There's a story on tv about keeping kids safe from abduction, abuse, and harm in general by teaching them how to react to strangers and people who may want to harm them and how to read the signals given off by people who are attempting to hurt them.
All of this focus on strangers.
Then they follow up the story with "and Remember that most instances of abduction and abuse against children are commited by people they already know," thereby negating the importance of the story they just ran.

I'm sort of baffled by the way people exaggerate statistics and standards. Why are more people depressed and on prozac now than ever have been? Becuase depression as a psychological condition (a psychological condition that could be treated by anything other than a "buck up, friend") is new.
Why there all these new conditions and diseases? Are we really a more depressed society? A more anxious society? Why are so many people on MAOIs and SRIs?
It isn't because there's been an explosion in depression. It isn't because we're just *such* a screwed up society that more of us are screwed up.
It's becuase these drugs are new. The conditions we treat today with medication and therapy were just the way people were 50-70 years ago. You aren't happy? So what? most people aren't happy. You contemplate killing yourself? so what? most people want to die. That's just how it was. There was a 'suck it up and move on' attitude that we've lost. It's because the clasification of anxiety disorders, depression, borderline personalities, dysphoric disorders and the like are brand spanking new. It's becuase we've all got this kooky idea that they didn't have 50 years ago... the idea that we're *supposed* to be happy like the sitcom families, in love like the r&b ballads, and satisfied with our lives and our places in them like the cards at Hallmark.

Where the hell did we get that idea?
Why do we all of a sudden feel like we're not only capable of, but *entitled to* constant fulfillment? Who filled our heads with that bullshit?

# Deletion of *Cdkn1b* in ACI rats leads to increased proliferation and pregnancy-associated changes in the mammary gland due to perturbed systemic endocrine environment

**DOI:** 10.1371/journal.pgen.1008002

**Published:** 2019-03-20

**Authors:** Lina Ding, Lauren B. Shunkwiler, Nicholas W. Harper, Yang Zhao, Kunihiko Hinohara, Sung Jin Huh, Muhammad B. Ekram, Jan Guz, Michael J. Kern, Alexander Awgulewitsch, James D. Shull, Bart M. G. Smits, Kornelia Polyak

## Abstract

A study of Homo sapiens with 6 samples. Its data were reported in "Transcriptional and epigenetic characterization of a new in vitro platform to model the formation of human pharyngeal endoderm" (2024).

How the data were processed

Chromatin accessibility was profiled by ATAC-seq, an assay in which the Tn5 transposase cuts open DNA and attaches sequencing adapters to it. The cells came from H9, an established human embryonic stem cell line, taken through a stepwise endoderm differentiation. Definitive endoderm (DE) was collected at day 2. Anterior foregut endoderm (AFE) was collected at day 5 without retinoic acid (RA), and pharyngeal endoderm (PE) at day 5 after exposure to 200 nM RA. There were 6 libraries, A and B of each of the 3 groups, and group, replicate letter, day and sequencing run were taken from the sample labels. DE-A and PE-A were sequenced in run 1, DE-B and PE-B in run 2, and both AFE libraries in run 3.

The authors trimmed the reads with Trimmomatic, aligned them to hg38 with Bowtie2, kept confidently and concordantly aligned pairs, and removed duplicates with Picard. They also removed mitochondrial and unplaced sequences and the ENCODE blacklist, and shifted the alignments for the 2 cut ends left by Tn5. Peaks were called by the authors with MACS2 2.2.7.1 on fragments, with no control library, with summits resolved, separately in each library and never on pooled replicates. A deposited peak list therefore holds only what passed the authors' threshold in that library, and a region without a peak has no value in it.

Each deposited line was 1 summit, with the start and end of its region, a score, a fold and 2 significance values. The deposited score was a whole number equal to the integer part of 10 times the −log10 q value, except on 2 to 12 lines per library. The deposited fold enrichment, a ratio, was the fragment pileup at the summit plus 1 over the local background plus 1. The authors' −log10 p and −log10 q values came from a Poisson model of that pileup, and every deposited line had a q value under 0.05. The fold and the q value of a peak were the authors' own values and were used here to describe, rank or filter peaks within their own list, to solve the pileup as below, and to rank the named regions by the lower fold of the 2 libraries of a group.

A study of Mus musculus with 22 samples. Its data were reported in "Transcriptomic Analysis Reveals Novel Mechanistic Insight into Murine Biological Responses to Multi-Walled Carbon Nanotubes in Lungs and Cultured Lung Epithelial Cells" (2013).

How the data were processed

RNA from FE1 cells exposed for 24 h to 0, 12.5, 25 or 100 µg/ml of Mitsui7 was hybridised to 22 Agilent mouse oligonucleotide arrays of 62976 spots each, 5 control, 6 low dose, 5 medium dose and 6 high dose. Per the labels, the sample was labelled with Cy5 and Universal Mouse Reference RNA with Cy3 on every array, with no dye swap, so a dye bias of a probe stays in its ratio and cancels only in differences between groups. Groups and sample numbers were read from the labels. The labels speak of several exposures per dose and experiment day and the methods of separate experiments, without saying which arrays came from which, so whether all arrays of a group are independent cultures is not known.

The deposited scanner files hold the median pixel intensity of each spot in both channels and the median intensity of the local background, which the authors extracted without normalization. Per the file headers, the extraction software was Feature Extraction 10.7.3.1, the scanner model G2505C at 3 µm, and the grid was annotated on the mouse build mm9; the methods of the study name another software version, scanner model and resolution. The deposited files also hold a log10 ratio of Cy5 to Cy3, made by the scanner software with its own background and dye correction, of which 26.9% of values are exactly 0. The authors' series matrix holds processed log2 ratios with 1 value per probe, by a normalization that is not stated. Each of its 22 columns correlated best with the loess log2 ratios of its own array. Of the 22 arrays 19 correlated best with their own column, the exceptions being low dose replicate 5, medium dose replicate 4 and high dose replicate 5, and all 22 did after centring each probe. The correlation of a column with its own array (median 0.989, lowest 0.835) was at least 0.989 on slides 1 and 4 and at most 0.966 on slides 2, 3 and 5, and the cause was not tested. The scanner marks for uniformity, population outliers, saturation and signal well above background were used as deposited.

As far as I can tell, it started in the 60s. At the same time we started rallying for civil rights, pushing for equality, getting the idea that we had the ability and the *right* to participate in our government more fully by any means necessary we went too far and decided that "pursuit of happiness" somehow meant "right to happiness" and when no one handed it to us... well... we made drugs to do it for us.

That's simplistic, I know. But I think it's somewhere in the right arena. Or at least a decent theory...

Comments

maddening
Aug. 9th, 2002 09:40 am (UTC)
Oh I'm sure that depression has been around for a long long time. I just meant that it wasn't seen as a treatable malady, a *specific* treatable malady, until the late 60s (right around the same time the psychologically community decided that homosexuality *wasn't* a mental illness and took it out of their diagnoses books. hehe.. yes, these are mutually exclusive).

My (badly written) point, or part of my point, was that there is a seemingly booming depression industry. It seems like all you have to do is say "I'm depressed" to a psychiatrist and you'll walk out with a lil bottle of prozac. There are news stories about the overprescription of anti-depressants and maois. My take here was that it wasn't really a boom. It wasn't really overprescribed and we aren't really a more screwed up or depressed society than we ever were.
It LOOKED like a boom in prescriptions because it was new. Of *course* there was a 200% increase in the prescription of prozac over the course of 6 months, it's not difficult to have 200% more than *zero*.

MY (yeah, I'm looking at it again... very badly written) point was that people are using those stats to damn the psychological industries when I don't think they necessarily need be damned for this.

To me, it's just like ADD. When ADD became an actual diagnoses, all of a sudden *every* kid had ADD. Tons of kids were wandering around with lil bottles of amphetamines and it was just an epidemic of pharmeceuticals. BUT... it's not trailed off, doctors are more choosy about who gets meds and what meds for ADD becuase they've learned more through the trial and error of the past several years.
It's the same way for prozac, welbutrin, paxil... and a wealth of other depression and anxiety disorder meds.



I think. Guh...sinus headaches aren't conducive to thinking.